Missing a certain herb, spice, or being out of a certain pantry staple doesn't need to stop you from cooking dinner tonight. With these go-to substitution guides for some of the most common ingredients and even a few kitchen tools, you'll be able to whip up that pot of creamy soup or buttermilk fried chicken recipe, without making a last minute run to the grocery store. Substitutions are always a bit of an experiment but this guide will help out in a pinch.
Alphabetical list of common dairy items and their substitutes.
Make your own buttermilk with a combination of milk and a bit of acid (vinegar, lemon juice).
Replace cream cheese with strained yogurt, blended cottage cheese, or Neufchatel cheese.
Depending on the recipe, savory egg replacements include silken tofu, bananas or egg substitute. Find out what to use when.
A combination of whole milk and heavy cream, whole milk and butter, or milk and heavy cream will all yield fantastic half and half replacements in recipes.
A comprehensive guide to baking even when you are out of milk, including how to use vegan milk alternatives or replacing milk with yogurt, sour cream, or evaporated milk in baking.
The tang and creaminess of sour cream can be duplicated with a combination of yogurt and baking soda when called for in a baking recipe.
Herb and Spice Substitutes
Alphabetical list of common herbs, spices, and seasoning and their substitutes.
Whether out of ground coriander for a recipe (where caraway, cumin, or fennel will due just fine) or someone who doesn't enjoy the taste of fresh cilantro (where dill, tarragon, and parsley can lend a hand), these substitution ideas showcase the creativity you can have in the kitchen.
Cumin can be swapped for other dried spices such as coriander, curry powder, garam masala, chili powder, caraway seeds, or even a taco seasoning mix to impart earthy flavor to the dish.
This conversion chart allows you to swap minced, powdered, flaked, and granulated garlic in place of the fresh stuff.
Move easily between freshly chopped onion, onion powder, or onion flakes, even if the recipe calls for a different version of onion than what you have on hand.
The spice of red pepper flakes can also be achieved with other pantry staples such as chili powder, cayenne pepper, and hot sauce.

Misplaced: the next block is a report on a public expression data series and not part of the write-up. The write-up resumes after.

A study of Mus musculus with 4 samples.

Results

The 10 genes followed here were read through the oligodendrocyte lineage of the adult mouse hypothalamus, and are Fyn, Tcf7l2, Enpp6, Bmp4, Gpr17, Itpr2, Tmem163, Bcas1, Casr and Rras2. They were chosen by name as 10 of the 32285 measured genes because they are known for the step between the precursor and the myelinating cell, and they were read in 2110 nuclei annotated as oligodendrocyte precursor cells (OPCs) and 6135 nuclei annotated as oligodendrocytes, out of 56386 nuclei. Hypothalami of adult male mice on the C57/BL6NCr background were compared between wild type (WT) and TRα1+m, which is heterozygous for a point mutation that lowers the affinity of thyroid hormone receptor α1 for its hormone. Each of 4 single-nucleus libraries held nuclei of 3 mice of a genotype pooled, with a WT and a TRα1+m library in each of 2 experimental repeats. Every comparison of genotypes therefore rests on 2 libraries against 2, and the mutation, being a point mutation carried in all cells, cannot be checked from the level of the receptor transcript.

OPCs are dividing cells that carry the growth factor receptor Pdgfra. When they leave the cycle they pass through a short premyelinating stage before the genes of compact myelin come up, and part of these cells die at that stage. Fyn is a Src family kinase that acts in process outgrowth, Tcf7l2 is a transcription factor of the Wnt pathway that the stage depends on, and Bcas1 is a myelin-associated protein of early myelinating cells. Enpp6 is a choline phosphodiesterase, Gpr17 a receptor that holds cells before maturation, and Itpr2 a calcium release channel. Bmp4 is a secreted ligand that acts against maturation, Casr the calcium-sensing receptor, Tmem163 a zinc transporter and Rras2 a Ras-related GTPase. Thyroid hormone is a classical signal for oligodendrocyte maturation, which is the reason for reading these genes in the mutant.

The slight licorice flavor that tarragon imparts to a recipe can also be captured with swaps such as fennel or anise seed, or fresh chervil or fennel fronds.
Alphabetical list of common ingredients and their substitutes.
Some juices and broths can do the trick in place of alcohol in your savory recipes.
Whether for a dressing or in a marinade, the robust flavor of balsamic can be replicated with something sweet (honey or sugar) along with another vinegar, or by combining soy sauce, molasses, and citrus juice.
The smoky and salty notes that bacon imparts to a recipe can also be achieved with salt pork, Canadian or turkey bacon.
The options are endless when looking to swap out the beer called for in a recipe, everything from broths, to stocks, juices, wine, and even a few choice sodas depending on the flavors in your recipe, will work.
A combination of molasses and white sugar will give you a homemade brown sugar substitute.
Depending upon the need, corn starch's benefits can be replicated with AP Flour, instant tapioca, or arrowroot.
Alternatives to the zest of a lemon include lemon extract, lemon peel, bottled lemon juice, or the zest of an alternative citrus like grapefruit or lime.
The sweetness and depth of flavor that molasses imparts to things like BBQ sauce, can be achieved through any swap out of sugar, brown sugar, dark corn or maple syrups, or honey.
Use this guide to make wet mustard out of dried mustard, a bit of vinegar, and water.
Whether for a soup, sauce, or Bloody Mary recipe, tomato juice can be whipped up with the use of these ratios of tomato sauce, paste, or canned tomatoes, along with some water.
A quick pasta and tomato sauce dinner can still come together if you have tomato soup, canned tomatoes, tomato paste, or yes, even ketchup, on hand.
Consider this a flow-chart of vinegar types and ways to recreate the flavor and acidity of vinegars ranging from red wine, rice, apple cider, sherry, and white vinegar.
Deglazing a pan or creating a sauce with substitutes like broth, vinegars, and juices (like grape and apple) will still yield tasty results if white wine is not on hand or desired.
Alphabetical list of equipment substitutions to keep you cooking.
Straining yogurt or tying up parcels of spices can also be accomplished with items like coffee filters, cotton fabric, or even a fresh set of pantyhose, depending on the needs of the recipe.
While parchment is a versatile tool in the kitchen, for most cooking projects, some foil for making fish packets, or a silicon mat will do the trick nicely.